T Bone Burnett produced a version of "Blowin' in the Wind" that will be auctioned off this week. Can his new company make the music biz more like the art world?

Three weeks ago, in a studio in the Hell’s Kitchen neighborhood of New York City, I listened to a Bob Dylan record that could sell for more than a million dollars on Thursday. It’s not a collectible copy of an old release, but rather a new recording of “Blowin’ In the Wind” produced by T Bone Burnett. In fact, says Burnett, sitting in the studio as the record plays, it’s not really a copy at all. It’s a unique “Ionic Original” disc made by his new company, Neofidelity – a one-of-a-kind record that uses a process Burnett patented to deliver higher quality audio than normal vinyl.

And at least for the immediate future, hardly anyone will get to hear it.

That’s a shame. Dylan sings the song like he’s lived with it – maybe even in it – for 60 years, which of course he has. Backed by a small band that includes Burnett on guitar, Dylan delivers what was once a bold challenge from an angry young man with the hard-won wisdom of an artist who’s done a lot of living. It could be the definitive late-career take on the song that made his reputation. “From my point of view,” Burnett says after it plays, “we were doing this for history.”


Initially, that history will be in private hands. On July 7, Christie’s will auction the recording, which it estimates will sell for between £600,000 and £1 million (or about $725,000 to $1.21 million). The disc is being sold as a physical object, so whoever buys it won’t have the rights to distribute it.

“I feel that heartbreak as a player and a producer,” Burnett says. “But I want to develop music as a fine art.”

It’s a fascinating notion – one that implicitly challenges the value we place on recordings. Music has always been a business of copies – licensing them, selling them, and now streaming them. And in the digital age, once making perfect copies became both easier to do and harder to regulate, music has become cheaper – and, Burnett believes, devalued. Neofidelity is intended to provide an alternative, at least for creators who think of their music as art.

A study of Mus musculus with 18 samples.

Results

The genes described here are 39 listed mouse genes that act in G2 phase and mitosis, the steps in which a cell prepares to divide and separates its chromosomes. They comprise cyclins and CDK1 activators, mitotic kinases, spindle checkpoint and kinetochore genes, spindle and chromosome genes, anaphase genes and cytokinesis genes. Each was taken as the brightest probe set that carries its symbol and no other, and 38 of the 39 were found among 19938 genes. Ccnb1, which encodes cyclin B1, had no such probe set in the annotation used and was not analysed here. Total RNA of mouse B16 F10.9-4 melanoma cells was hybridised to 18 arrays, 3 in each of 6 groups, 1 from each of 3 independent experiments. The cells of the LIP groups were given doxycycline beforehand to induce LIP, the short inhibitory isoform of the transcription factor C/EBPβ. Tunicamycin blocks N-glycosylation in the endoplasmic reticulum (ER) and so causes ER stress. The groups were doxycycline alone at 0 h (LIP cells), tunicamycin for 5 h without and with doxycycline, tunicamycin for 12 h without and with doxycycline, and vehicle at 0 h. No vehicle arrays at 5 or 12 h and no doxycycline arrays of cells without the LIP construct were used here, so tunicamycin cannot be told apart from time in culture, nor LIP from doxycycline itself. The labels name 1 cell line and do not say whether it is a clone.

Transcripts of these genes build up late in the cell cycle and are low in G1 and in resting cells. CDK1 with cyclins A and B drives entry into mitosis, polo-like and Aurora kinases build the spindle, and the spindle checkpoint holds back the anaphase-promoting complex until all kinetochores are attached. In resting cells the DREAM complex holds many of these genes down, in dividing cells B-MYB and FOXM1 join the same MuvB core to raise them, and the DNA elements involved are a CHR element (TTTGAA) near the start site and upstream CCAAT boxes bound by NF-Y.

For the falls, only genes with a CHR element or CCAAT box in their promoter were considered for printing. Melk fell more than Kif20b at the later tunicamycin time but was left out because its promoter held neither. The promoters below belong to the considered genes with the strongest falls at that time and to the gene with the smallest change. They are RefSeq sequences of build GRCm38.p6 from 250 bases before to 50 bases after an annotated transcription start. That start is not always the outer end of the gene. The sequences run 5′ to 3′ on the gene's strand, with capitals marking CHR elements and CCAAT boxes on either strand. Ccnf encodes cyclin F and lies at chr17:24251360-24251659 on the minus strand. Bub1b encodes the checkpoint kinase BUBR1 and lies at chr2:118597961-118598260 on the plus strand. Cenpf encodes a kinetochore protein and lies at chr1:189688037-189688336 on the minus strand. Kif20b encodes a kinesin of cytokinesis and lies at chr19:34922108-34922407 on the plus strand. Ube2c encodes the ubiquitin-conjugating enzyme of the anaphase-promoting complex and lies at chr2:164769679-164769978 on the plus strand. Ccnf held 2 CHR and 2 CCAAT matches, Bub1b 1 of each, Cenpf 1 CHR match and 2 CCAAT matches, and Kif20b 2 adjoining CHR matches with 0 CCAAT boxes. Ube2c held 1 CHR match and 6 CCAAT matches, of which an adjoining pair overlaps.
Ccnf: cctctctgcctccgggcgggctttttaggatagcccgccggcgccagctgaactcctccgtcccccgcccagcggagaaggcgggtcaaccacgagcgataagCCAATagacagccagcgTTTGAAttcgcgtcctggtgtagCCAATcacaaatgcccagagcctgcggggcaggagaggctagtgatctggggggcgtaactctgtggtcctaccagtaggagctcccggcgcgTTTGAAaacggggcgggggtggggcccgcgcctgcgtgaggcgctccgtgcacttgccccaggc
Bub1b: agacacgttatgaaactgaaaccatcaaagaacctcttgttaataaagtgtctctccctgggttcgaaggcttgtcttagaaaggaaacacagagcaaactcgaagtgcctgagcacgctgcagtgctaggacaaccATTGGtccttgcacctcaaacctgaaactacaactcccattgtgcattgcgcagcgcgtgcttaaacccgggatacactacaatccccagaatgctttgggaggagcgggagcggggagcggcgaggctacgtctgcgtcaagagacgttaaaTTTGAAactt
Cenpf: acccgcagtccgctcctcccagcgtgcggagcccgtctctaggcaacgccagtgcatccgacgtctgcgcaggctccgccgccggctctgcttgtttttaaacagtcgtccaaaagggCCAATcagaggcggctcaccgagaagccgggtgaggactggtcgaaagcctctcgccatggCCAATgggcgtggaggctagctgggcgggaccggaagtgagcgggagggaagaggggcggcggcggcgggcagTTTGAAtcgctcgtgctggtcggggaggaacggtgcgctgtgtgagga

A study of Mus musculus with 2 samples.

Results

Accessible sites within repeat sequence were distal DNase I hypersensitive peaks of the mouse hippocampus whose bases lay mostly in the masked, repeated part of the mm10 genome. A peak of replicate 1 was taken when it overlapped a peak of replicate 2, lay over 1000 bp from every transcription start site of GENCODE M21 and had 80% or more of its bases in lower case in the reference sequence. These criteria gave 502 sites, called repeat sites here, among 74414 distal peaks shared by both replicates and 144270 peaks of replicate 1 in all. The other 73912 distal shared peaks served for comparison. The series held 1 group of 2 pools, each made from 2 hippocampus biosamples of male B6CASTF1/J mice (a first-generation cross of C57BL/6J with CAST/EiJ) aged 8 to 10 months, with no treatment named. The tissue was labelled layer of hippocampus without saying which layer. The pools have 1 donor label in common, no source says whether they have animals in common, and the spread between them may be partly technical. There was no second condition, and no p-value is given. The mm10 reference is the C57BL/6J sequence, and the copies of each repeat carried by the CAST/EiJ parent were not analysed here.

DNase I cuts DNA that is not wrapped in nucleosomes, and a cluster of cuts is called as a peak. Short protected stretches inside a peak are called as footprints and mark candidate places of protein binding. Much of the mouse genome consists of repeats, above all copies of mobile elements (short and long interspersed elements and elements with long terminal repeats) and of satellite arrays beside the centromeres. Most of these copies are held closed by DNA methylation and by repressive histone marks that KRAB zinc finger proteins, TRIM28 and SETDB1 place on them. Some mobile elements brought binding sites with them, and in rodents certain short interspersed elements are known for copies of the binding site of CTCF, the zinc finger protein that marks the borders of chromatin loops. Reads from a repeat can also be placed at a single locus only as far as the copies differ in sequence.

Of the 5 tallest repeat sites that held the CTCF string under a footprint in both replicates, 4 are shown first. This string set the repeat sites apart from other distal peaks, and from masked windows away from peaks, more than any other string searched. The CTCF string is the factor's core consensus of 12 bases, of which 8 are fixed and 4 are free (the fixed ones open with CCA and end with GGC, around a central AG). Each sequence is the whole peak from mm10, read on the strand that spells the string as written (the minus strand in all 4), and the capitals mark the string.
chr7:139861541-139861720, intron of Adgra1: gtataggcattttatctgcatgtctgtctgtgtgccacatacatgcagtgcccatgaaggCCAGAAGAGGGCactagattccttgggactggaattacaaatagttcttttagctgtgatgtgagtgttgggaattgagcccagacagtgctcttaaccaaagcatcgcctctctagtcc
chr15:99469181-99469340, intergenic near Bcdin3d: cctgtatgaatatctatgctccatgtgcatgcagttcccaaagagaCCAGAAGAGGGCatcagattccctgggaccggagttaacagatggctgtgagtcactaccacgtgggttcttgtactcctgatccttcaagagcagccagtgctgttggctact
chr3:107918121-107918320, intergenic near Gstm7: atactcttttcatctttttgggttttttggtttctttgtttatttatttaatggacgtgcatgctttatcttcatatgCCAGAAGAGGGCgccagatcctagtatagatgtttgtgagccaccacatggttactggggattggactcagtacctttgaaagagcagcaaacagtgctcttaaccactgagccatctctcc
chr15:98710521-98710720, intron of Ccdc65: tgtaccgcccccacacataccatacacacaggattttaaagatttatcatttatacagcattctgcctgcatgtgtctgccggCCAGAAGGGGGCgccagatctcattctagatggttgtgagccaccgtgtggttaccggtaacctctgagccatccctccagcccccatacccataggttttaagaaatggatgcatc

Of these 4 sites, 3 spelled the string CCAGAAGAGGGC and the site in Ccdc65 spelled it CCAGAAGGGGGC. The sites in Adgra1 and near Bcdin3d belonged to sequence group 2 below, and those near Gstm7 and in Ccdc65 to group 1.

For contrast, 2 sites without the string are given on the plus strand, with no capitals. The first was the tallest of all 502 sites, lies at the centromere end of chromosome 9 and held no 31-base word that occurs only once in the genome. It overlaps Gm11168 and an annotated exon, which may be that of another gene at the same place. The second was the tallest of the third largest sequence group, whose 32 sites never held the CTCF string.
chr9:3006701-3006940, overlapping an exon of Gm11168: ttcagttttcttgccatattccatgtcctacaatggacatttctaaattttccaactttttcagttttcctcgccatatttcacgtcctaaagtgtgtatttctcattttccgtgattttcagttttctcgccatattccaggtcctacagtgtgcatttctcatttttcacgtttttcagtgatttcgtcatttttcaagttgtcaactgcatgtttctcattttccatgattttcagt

“I was responding to the idea that music should be free,” Burnett says. “Dylan sells paintings for a million,” he points out. Why should his recordings be worth any less?

Presentation matters, of course. At a time when music is ubiquitous and low-fidelity, Burnett wants to sell records that are scarce, with the best possible audio. He spent years looking for a medium that was better than standard vinyl until he settled on a process he patented that involves a disc much like the acetates used in record production, treated with “ionic deposition” to make them more durable. The idea is to offer analog sound with the quiet and durability associated with digital.


Right now, the process is expensive. But that makes it easier for Neofidelity to sell the discs as art. “What’s the definitive version of a song worth?” Burnett asks. Finding out means turning the music industry’s usual economics upside-down. Both Dylan’s first recording of “Blowin’ In the Wind” and the song itself are worth so much because they’re so widespread. But this disc is valuable because the music on it won’t be widely available — Universal Music Group and Sony Music have the rights to the composition and the recording, respectively, so it can only be distributed with their permission. (In the long run, “I expect this to end up somewhere where the public will have access to it,{” Burnett says, but a museum seems more likely than an online service.)

For Burnett, creating a new way to value recorded music is part of the point. “We’ve all been conditioned to accept the terms of, and react to things from the frame of, mass production – this is not that,” he says. “I want to break free of the parameters of musicians since the age of mechanical reproduction, where the government and broadcasters and tech companies tell us what music is worth.”

Burnett likes to reference “The Work of Art in the Age of Mechanical Reproduction,” a 1935 essay by “Frankfurt School” cultural critic Walter Benjamin that makes the case that copying devalues the “aura” of an original piece of art. (By this logic, digital reproduction would arguably devalue art even more: If a vinyl record could be seen as a degraded representation of a studio recording, what does that imply about a stream that has no physicality at all?) The idea of an Ionic Original disc is that it’s just that, Burnett says — “a unique, handmade, original recording.”

There will be other originals — Burnett recorded a few more songs with Dylan, and he hopes to work with other musicians, too. “Many artists could put together an edition of 100,” he says. Eventually, he could even use the ionic deposition process to produce high-quality limited-edition copies of iconic albums.

For now, though, Burnett is focused on new recordings. It’s a shame that more people won’t hear them. But they ought to listen to what Burnett has to say.

For the Record is a weekly column from deputy editorial director Robert Levine analyzing news and trends in the music industry. Find more here.